OPG in the Community – January, 2021

Fred Kuntz, Sr. Mgr., Corporate Relations and Projects | Bruce County

Happy New Year:  Ontario Power Generation (OPG) wishes you all the best in 2021.  It’s our sincere hope that COVID-19 vaccinations across Ontario and Grey-Bruce improve this year’s outlook for health and prosperity as soon as possible –  allowing, when public guidelines permit, the safe resumption of normal living.

In the meantime, at the Western Waste Management Facility at the Bruce nuclear site, OPG employees continue to work safely, observing all important protocols such as physical distancing, hand-washing and sanitizing, and wearing masks.  Office staff who are able to work from home are doing so, while field workers needed for essential services are keeping operations running.  Still on track are all projects vital to the continued safe, reliable delivery of electricity to Ontario’s homes, businesses and hospitals.  Together, we will #PowerON.

Moving to Bruce County:  On January 4, OPG’s Jason Van Wart assumed his new position as Vice President of Nuclear Waste Management and Commercial Services.  Originally from News Brunswick, Jason first joined OPG in 2001 and has worked in Engineering, Finance, Inspection and Reactor Innovation, and Commercial Services.

     Helping with a smooth transition is outgoing VP Lise Morton, who last year announced her plan to retire from OPG at the end of February.

In his first message to staff, Jason spoke about his warm connection to the Bruce area.  “I am pleased to say that my family will soon be moving to Bruce County. We already own a house in Southampton, have a long history in the area and look forward to being year-round residents.”

Among his areas of focus, Jason said, will be continued safe and reliable operations, achieving the division’s targets and project milestones, and seeking innovative and efficient ways of doing business.  This includes maintaining a focus on the three Rs – reduce, reuse, recycle – to minimize volumes of stored nuclear materials, aligned with OPG’s over-all plan to protect the environment and address climate change with clean energy.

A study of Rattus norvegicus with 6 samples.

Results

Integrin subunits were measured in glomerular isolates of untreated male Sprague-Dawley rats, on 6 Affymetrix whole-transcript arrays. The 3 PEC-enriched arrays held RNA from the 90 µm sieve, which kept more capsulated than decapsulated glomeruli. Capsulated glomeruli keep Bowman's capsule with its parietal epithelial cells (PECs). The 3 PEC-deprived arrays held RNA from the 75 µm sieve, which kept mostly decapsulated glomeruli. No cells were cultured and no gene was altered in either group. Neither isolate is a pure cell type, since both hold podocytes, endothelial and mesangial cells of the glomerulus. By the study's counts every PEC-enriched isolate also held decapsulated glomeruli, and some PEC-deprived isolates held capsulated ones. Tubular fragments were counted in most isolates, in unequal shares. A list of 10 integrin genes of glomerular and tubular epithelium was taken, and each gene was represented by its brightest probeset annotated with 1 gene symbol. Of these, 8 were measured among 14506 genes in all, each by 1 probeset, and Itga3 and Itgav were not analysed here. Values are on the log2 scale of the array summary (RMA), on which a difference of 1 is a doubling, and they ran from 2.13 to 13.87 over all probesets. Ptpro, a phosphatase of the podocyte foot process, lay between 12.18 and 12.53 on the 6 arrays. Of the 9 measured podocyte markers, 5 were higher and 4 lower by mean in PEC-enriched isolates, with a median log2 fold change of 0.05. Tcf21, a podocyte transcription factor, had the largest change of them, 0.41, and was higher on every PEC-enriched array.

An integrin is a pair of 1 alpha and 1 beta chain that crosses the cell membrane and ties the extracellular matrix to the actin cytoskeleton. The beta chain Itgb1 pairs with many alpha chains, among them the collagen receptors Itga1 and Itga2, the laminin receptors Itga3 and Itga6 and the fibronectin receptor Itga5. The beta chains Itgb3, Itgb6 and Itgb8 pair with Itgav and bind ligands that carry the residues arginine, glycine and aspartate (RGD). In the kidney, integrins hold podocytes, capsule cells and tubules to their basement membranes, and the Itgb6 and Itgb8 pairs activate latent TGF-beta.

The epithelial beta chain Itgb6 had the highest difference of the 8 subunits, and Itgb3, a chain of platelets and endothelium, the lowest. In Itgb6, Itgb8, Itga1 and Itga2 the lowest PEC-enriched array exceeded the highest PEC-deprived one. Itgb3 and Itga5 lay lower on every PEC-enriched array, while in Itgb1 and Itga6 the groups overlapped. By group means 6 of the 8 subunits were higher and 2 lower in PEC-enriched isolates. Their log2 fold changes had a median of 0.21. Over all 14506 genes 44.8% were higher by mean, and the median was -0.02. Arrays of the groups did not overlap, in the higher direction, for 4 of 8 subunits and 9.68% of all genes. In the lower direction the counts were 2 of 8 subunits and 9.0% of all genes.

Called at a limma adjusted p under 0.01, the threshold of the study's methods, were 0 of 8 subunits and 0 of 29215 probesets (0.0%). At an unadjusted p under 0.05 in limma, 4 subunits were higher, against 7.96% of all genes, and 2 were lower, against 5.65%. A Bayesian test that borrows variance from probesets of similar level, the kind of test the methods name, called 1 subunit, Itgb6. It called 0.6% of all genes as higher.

Around Ontario and beyond:

·  Iron unleashed:  A newly acquired “robot dog” named Spot is turning heads at Pickering Nuclear Generating Station. The four-legged, yellow machine, controlled by a tablet app, inspects hard-to-reach or hazardous areas of the station. Its maker, Boston Dynamics, is working with OPG’s technical team as they train Spot to perform tasks in the most challenging conditions.

·  Eye in the sky:  OPG inspectors are deploying drones to help keep hydroelectric operations in eastern Ontario running safely and reliably.  Certified pilots of OPG’s fleet of 29 drones are busy fulfilling requests for video of hard-to-reach areas, including inside a dewatered unit at R.H. Saunders Generating Station (GS), in Cornwall, to check the underside of turbine blades.

·  Waba win:  Ahead of schedule, OPG completed a project with partners to renew the Waba Dam, a 1,219-metre-long structure supporting the reservoir at Arnprior Generating Station, just west of Ottawa.  The successful project, to raise and reinforce the crest of the 15-metre-tall earth dam, enables 50 more years of safe operation.